Keynote speaker Jennifer Gervès-Keen will explain how to build a better business by embracing a coaching mindset at The ONE National Conference this year


Want to spark new ideas in your organization? 

Shake up the silos by getting people from different areas to talk to each other—preferably in groups of three, says corporate executive coach Jennifer Gervès-Keen, keynote speaker at CPA Canada’s The ONE national conference this year. 

This year, the conference, which takes place Sept. 23-24 in Montreal, will revolve around the theme of “innovation for sustainability.” In her address, Gervès-Keen, founder of JGK Consulting, will embrace this by explaining how to build a peer coaching network in your organization that not only drives innovation but also includes structures and processes for sustainability. 

The idea of peer-to-peer coaching, or what Gervès-Keen calls pod coaching, is based on cross-functional collaboration; in other words, people from different departments come together on a regular basis to talk about what’s going on in the organization. “This really drives innovation because when you bring people from different backgrounds and experiences together, a lot of them come up with some really cool ideas,” she says. 

Currently, says Gervès-Keen, many organizations are not set up to work off a peer-to-peer model. “They are very vertical and very siloed, based on their revenue stream. The point is to mix things up a bit and make sure the left hand is talking to the right hand,” she says. “This is something most organizations assume is going to happen naturally. But these days…people don’t have time to intentionally think outside the box.”

At the conference, Gervès-Keen will look at some of the key conceptual building blocks she uses to set up coaching pods. For example, she’ll explain why it’s best to put people in groups of three and why it’s often a good idea to associate the groups with a learning program. She’ll also walk participants through the process of setting up the pods. “I think it will be a great way for them to find out how they can use this idea,” she says.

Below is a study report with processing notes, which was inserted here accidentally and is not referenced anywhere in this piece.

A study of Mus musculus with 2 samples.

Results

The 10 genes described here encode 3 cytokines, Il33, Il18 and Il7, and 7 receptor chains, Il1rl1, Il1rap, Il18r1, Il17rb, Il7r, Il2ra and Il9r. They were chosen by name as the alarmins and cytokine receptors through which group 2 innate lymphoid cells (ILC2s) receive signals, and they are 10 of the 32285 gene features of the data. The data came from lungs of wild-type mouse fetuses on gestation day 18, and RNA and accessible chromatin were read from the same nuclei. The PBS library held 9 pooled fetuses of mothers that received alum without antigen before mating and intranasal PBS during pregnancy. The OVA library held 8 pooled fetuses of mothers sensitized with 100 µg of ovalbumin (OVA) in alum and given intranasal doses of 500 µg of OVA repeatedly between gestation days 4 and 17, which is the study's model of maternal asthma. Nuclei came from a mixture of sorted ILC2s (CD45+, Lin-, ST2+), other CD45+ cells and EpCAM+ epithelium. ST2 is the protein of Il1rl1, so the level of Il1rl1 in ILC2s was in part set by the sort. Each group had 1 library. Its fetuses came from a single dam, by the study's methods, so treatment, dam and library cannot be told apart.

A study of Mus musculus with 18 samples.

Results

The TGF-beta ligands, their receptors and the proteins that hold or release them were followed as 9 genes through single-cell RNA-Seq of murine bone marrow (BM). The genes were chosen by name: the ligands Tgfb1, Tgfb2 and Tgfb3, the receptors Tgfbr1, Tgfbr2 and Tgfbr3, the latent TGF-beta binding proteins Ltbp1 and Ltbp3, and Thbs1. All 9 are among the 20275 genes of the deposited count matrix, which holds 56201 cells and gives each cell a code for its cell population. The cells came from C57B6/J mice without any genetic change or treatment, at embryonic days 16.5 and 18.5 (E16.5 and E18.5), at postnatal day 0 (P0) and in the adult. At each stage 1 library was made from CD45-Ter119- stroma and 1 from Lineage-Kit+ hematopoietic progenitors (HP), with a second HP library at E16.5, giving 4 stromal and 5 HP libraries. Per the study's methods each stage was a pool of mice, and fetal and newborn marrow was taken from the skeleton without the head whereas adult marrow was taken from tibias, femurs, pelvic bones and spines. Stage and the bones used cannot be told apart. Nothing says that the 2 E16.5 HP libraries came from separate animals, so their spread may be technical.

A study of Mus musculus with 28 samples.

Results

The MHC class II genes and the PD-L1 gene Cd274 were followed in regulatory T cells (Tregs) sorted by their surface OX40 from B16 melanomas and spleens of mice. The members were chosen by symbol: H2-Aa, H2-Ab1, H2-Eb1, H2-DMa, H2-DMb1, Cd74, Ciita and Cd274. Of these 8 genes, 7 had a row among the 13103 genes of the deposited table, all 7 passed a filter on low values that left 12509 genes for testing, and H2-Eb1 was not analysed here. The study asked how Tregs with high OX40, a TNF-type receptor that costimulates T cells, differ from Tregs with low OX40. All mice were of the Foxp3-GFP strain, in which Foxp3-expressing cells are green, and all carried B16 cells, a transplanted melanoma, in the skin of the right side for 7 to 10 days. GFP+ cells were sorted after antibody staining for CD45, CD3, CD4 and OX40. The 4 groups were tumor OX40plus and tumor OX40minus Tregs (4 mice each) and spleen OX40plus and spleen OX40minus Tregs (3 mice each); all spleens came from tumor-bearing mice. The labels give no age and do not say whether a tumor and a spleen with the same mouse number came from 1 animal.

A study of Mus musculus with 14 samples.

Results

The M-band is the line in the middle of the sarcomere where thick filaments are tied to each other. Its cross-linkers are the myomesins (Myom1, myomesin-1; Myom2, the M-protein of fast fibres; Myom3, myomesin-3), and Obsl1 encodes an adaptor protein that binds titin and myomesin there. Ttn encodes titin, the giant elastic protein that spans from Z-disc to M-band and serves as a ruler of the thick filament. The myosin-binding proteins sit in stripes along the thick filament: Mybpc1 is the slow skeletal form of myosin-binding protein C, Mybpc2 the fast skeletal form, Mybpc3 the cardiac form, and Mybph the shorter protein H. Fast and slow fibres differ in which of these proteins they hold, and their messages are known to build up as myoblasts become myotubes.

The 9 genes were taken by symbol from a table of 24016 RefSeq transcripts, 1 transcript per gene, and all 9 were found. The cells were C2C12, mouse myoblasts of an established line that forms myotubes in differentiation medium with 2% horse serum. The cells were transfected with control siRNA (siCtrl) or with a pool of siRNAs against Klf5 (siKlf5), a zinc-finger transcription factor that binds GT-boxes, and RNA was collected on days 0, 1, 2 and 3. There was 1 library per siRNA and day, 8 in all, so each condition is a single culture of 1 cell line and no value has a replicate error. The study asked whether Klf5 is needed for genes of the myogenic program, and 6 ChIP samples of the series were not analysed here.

Here are the general steps.

1. Define your purpose. What are the groups meant to achieve? What metrics will you use to measure success? “With some organizations, the groups could turn into peer rant sessions,” says Gervès-Keen. “You need to make sure there is an intentionality behind the program.”

2. Organize your pods. Never let people choose their own groups, because they tend to opt for people they like. “It’s very normal for people not to want to put themselves in uncomfortable situations,” says Gervès-Keen. “You need to be looking at the organization’s needs and where you can make an impact.” 

3. Provide a timetable. Let the groups know what your expectations are and how often you expect them to meet, and let them take it from there.

What about deliverables? While Gervès-Keen says the groups might occasionally come out with a report, this is not necessarily the goal. “Sometimes we form the groups just to give people a safe space to talk to each other,” she says. “We’ll check in to make sure the meetings are happening and if everyone says they love their pod, we’ll say, ‘That’s wonderful -- all the more power to you.’ Then we’ll shift people around and start over.”

REGISTER FOR THE ONE

Jennifer Gervès-Keen will be at The ONE National Conference, which takes place in Montreal from Sept. 23-24. Click here to register.